When it comes to constitutional reform in Westminster, there is seemingly little room for anything outside of party-line politics. After the Labour Party, Libertarian Party, and Democratic Reformist Front unveiled a new set of proposals on the constitution, including a referendum on justice devolution, the Coalition Government between the Liberal Democrats and the Conservatives made their own demands for amendments while chastising the opposition parties. The acrimony of the debate became intense, mistrust was sewn between different sides of the debate, and discussion became intensely polarised. It is not a climate conducive to accepting ideas beyond those selected in backroom deals between a few party leaders.

This dynamic revealed itself when a proposed amendment to preserve the current constitutional framework for devolution in Wales was defeated in the House of Commons amendment committee. Every party representative voted against this amendment.

In Wales, the system of devolution is a "reserved powers model". This means that devolution functions through a negative manner; powers for the Westminster Parliament are "reserved" and whatever is left is within the competence of the devolved body. This system has its origins in the numerous attempts to grant Home Rule to the island of Ireland, but it was carried over in later attempts at devolution, including in Northern Ireland or Scotland. In Wales, however, this model has only existed since the enactment of the Wales Act 2017.

Before the present model for devolution, the Welsh Assembly could only hold competence over those subjects which were explicitly transferred to the body. This was called the "conferred powers model" and it was a flawed system which created legal ambiguity. Grey areas of the law were left where there was no explicit conferral. Multiple pieces of legislation were referred to the Supreme Court during this period, which should be considered a negative thing if one values having legal surety over the distribution of powers.

It is for this reason that the 2004 Richard Commission and the 2014 Silk Commission recommended the implementation of a reserved powers model. Cardiff University's Constitution Unit noted that the reserved powers model may offer greater certainty over competence and that this may "help make a devolution settlement more workable for those who have to operate within it (whether legislators, government officials, lawyers or the general public)". There has historically been a consensus in favour of this model among constitutional scholars and the civil society.

I asked two individuals who are well-acquainted with devolution and the constitution about their thoughts on the reserved powers model. mg9500 was a former Scottish First Minister and Vitiating was a former Welsh First Minister. Both have been important voices in matters relating to devolution in the recent political era despite their own political differences.

"[The reserved powers model] makes more sense because it takes into account incidental effect" mg9500 said. This means that reserved powers models are more direct and clear about the power they divide between bodies and leave little ambiguity. Explaining further, he stated that it also hedges against the passage of time "if things become more important in the future", citing environmental protection as a matter of interest which has grown in interest in recent years, something that might have been left out in a conferred powers model designed in the 1990s. Finally he discussed the benefits for resolving cases of "accidental devolution", as was the case for policy relating Antarctica for Stormont and the Scottish Parliament. mg9500 believes it is simpler to reserve a matter of that sort than to revoke an explicitly conferred power.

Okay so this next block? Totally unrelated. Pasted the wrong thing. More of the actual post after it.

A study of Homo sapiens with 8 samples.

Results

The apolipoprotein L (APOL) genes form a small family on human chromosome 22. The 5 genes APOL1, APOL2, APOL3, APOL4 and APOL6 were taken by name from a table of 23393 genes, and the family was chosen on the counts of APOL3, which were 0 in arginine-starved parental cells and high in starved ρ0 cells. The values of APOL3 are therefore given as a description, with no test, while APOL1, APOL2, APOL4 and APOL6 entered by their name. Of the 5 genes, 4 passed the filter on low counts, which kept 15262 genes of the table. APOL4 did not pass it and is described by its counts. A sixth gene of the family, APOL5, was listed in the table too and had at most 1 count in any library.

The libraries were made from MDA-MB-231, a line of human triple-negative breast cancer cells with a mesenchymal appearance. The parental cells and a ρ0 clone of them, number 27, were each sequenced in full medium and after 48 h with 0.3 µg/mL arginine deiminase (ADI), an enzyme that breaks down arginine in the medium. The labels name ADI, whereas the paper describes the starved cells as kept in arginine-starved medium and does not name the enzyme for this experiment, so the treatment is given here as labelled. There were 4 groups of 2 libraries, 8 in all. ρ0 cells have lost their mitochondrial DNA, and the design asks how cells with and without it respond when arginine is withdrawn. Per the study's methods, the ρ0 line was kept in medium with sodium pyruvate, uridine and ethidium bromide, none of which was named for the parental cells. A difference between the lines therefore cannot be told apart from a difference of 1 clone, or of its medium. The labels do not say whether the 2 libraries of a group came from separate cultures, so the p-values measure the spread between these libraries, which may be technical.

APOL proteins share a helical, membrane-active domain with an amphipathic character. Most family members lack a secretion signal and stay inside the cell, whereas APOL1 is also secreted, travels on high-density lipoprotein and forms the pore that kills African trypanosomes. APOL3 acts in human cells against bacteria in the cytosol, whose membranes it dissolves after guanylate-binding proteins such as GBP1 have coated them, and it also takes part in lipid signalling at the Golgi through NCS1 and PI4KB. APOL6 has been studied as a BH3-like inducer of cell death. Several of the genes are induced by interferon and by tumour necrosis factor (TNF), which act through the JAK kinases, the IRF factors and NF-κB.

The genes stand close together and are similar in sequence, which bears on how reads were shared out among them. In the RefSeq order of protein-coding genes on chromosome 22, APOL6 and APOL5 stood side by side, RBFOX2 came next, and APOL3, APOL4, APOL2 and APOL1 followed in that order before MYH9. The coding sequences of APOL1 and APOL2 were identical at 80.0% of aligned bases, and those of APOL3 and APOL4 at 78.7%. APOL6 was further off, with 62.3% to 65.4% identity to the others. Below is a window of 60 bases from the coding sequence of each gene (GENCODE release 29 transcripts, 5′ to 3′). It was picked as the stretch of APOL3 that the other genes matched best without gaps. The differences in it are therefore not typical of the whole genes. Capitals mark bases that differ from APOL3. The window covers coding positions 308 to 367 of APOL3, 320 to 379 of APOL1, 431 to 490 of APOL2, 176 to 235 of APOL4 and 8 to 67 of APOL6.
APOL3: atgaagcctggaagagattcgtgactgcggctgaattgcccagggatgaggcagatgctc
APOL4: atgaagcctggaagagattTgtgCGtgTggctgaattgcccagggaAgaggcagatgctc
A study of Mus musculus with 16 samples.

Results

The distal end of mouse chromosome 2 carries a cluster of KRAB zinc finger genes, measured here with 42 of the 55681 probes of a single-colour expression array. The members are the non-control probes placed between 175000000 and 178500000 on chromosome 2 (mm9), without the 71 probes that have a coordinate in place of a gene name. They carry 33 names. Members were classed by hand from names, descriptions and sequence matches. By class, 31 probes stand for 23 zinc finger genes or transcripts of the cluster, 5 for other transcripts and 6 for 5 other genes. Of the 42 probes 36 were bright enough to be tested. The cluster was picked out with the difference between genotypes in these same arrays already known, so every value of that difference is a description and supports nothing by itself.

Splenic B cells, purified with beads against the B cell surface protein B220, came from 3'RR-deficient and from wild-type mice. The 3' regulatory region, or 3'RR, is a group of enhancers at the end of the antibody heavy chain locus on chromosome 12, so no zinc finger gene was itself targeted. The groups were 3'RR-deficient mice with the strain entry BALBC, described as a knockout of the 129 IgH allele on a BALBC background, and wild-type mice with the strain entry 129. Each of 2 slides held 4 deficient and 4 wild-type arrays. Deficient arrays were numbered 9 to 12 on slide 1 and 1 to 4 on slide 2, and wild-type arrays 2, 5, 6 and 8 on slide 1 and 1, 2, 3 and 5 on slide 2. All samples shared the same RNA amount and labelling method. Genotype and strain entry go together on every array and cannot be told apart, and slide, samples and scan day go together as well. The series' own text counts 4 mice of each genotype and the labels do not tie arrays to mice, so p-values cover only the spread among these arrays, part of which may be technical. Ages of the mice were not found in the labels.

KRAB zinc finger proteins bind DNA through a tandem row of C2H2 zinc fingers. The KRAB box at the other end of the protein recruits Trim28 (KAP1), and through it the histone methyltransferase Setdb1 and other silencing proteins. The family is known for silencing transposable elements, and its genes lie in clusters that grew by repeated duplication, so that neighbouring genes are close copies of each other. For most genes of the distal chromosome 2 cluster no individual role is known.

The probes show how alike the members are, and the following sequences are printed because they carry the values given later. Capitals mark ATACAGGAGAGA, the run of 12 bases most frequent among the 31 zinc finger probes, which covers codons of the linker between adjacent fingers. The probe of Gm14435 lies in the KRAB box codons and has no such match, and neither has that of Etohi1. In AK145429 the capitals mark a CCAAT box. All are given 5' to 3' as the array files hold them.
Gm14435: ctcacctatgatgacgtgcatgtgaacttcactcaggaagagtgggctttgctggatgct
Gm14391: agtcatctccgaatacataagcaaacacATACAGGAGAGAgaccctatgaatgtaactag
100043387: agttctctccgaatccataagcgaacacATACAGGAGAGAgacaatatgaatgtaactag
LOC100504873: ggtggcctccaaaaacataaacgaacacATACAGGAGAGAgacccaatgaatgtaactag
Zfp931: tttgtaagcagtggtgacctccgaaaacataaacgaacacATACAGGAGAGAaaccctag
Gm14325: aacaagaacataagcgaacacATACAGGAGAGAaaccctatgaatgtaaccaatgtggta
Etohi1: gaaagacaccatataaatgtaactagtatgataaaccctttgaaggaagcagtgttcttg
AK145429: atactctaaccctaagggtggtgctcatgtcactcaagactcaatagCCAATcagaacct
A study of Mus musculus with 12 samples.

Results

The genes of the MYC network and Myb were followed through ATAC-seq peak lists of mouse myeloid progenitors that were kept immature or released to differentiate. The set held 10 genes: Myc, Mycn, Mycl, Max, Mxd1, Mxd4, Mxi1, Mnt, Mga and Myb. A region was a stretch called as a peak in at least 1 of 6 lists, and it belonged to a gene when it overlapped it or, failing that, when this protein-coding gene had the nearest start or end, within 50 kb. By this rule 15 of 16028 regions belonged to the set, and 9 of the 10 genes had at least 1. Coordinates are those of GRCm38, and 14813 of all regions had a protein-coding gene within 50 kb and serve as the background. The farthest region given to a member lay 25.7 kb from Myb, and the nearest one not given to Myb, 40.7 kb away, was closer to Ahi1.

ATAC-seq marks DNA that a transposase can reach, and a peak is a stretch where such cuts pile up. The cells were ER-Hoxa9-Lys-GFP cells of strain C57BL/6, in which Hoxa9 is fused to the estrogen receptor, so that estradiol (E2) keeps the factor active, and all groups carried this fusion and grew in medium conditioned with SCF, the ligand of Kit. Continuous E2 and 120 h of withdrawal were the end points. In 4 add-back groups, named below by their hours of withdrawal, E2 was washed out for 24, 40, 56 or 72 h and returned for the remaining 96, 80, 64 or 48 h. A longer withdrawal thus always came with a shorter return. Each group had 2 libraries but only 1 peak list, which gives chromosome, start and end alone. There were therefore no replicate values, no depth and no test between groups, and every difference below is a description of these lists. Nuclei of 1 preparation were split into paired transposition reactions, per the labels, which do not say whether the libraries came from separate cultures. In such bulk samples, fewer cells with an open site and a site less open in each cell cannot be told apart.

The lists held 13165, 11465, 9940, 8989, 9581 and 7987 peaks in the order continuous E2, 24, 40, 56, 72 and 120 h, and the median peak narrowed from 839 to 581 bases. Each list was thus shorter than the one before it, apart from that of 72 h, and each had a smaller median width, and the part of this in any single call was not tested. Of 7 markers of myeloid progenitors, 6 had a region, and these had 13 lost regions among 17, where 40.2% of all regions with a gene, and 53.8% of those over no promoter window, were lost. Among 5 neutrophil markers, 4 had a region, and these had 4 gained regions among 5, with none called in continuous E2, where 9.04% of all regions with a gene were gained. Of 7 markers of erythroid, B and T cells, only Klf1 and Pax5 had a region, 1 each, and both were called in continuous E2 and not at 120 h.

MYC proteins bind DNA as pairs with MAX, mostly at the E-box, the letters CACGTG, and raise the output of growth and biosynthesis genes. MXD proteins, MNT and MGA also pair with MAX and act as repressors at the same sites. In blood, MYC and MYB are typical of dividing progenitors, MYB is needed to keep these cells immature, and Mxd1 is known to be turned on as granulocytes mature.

Vitiating was more measured, stating that "[both systems] have merits", but ultimately he stated that he "[prefers] the reserved matters model because it is a lot clearer".

Both former First Ministers had a common message: the reserved powers model is superior due to its clarity. mg9500's comments about future-proofing are also relevant. It is not hard to imagine that things may change in importance which would be incidental to another reserved competence, especially in such a broad area like policing and justice. Reverting to the conferred powers model would be a significant step backwards in the pursuit of a more clear, fair, and resilient constitutional arrangement in the UK.

Yet, the current proposed devolution of justice and policing powers to Wales is substantially flawed as it explicitly confers certain powers from Westminster instead of repealing the relevant reservations. This creates a new constitutional problem if the referendum passes, as some powers are reserved within the Government of Wales Act 2006 and others would be concurrently conferred to Wales by this bill.

Having a partially-conferred, partially-reserved system would create the most uncertain legal regime for devolution in history. This is complicated by developments in constitutional jurisprudence, most recently in BH v The Lord Advocate (Scotland), which offers certain constitutional statutes protection from implied repeal. The reservation of certain powers which the current bill intends to devolve may not be fully repealed in full by the enactment of the justice and policing devolution bill in its current form.

Political parties should avoid this fate. Litigation and doubt should not hinder a workable arrangement for devolution. Leaders across parties ought to agree to protect the reserved powers model. It limits disputes and offers greater clarity not only for Wales but also for those activities which affect the wider Union. Given that an amendment failed in the House of Commons, it is time for political parties to work together to amend this devolution bill in the House of Lords in a suitable manner.


SoSaturnistic is the leader of the Social Democratic and Labour Party.